If you go back a decade, you’ll travel back in time to an age where we used tripods or timers on cameras to take a shot of ourselves in front of dramatic scenery or bucket-list worthy attractions. Fast forward, and you can’t move for people trying to take that perfect selfie. There’s a lot to be said for being able to take photos easily, but has the selfie played a part in zapping our self-confidence?
Drawing on your flaws
When you look in the mirror, you probably don’t spend hours analysing what your teeth look like or whether your cheekbones are prominent enough. Selfies have given us the opportunity to see ourselves all the time, and every time we take a photo, we tend to spend time looking at the detail of it, and sadly, rather than focusing on the positives, we dwell on our flaws. Dentists, for example, have seen a dramatic increase in the number of people seeking cosmetic dental treatment and asking for information about whitening products such as those available on miswakclub.com since the dawn of the selfie. Everyone, even those with beautiful teeth, wants that flawless Instagram-worthy smile. The reality of the situation is that the same person can look completely different depending on the angle of the shot, the proximity of the phone and the lighting.
Many of us aim for perfection, and this simply doesn’t exist. You may start to zone in on problems you’d never ever noticed before due to the magnification and the angle of the shot. If you took a normal photo, for example, your nose would probably be in proportion. When you’re shooting a selfie from close range, your nose may look a lot larger than it is in real life, and this can breed a complex out of nothing. Try not to focus on one bad photo in a set of 10 or 20. Even supermodels don’t nail every shot.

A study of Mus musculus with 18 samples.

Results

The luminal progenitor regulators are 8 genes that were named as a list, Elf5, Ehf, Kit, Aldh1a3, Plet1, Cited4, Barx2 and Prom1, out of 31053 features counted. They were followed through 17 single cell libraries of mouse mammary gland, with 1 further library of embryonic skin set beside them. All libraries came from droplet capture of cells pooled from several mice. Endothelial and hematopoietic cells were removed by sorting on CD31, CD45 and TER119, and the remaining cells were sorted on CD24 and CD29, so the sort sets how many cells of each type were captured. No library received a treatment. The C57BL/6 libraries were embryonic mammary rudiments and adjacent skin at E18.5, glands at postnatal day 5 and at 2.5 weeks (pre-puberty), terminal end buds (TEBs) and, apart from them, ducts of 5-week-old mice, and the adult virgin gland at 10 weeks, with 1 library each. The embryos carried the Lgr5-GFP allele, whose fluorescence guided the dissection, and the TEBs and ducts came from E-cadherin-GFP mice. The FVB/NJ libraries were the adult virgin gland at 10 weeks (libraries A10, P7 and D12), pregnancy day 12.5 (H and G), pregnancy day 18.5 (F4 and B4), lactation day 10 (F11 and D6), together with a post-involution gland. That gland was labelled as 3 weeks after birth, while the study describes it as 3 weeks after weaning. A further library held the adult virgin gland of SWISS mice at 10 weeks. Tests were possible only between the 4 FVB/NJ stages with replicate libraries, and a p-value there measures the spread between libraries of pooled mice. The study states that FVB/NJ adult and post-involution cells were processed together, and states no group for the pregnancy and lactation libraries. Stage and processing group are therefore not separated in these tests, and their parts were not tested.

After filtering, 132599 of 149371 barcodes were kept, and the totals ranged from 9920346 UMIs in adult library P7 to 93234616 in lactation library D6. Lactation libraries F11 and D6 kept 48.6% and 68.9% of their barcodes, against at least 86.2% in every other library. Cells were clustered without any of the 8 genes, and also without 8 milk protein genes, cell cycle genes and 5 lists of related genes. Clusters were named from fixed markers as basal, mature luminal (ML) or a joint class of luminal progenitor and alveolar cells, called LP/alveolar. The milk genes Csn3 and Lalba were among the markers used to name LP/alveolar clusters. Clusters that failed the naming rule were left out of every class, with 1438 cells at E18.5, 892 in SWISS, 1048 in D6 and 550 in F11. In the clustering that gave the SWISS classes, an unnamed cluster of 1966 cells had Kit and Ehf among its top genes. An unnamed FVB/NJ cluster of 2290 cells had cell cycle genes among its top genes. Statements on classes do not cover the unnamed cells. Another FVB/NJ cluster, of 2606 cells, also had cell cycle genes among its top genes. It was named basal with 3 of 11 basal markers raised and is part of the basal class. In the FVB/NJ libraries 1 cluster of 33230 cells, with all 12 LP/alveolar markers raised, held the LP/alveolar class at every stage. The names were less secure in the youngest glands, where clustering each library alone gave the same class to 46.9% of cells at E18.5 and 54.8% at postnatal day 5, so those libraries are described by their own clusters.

Comparing yourself to others
When you take a selfie, what do you do with it? Do you keep it to yourself or do you share it with others? Most of us are happy to upload photos onto sites like Instagram and Facebook, and this opens us up to the opinions of others and encourages us to compare ourselves to other people. Comparing ourselves to others is a human trait, but it can be really damaging. Even a good filter can change a shot dramatically before you start throwing in editing or airbrushing apps, and this can present us with an ideal, which we can’t live up to in reality.
If you find yourself comparing yourself to others, and using social media brings you down, put your phone down, and take a break. Sometimes, it can be liberating to focus on yourself, rather than what other people think, and life can be much simpler and more enjoyable when you’re not waiting for notifications or worrying about how many people have liked your photo. If you’re considering a break, you may find this article interesting https://www.theguardian.com/media/2016/sep/21/does-quitting-social-media-make-you-happier-yes-say-young-people-doing-it.
Many of us suffer from a lack of confidence, and often, this relates to the way we look or the way we think we look. Selfies can be fun, but don’t let them take over your life. It can be damaging to spend too much time analysing your appearance, especially if you tend to zone on features you perceive as imperfections.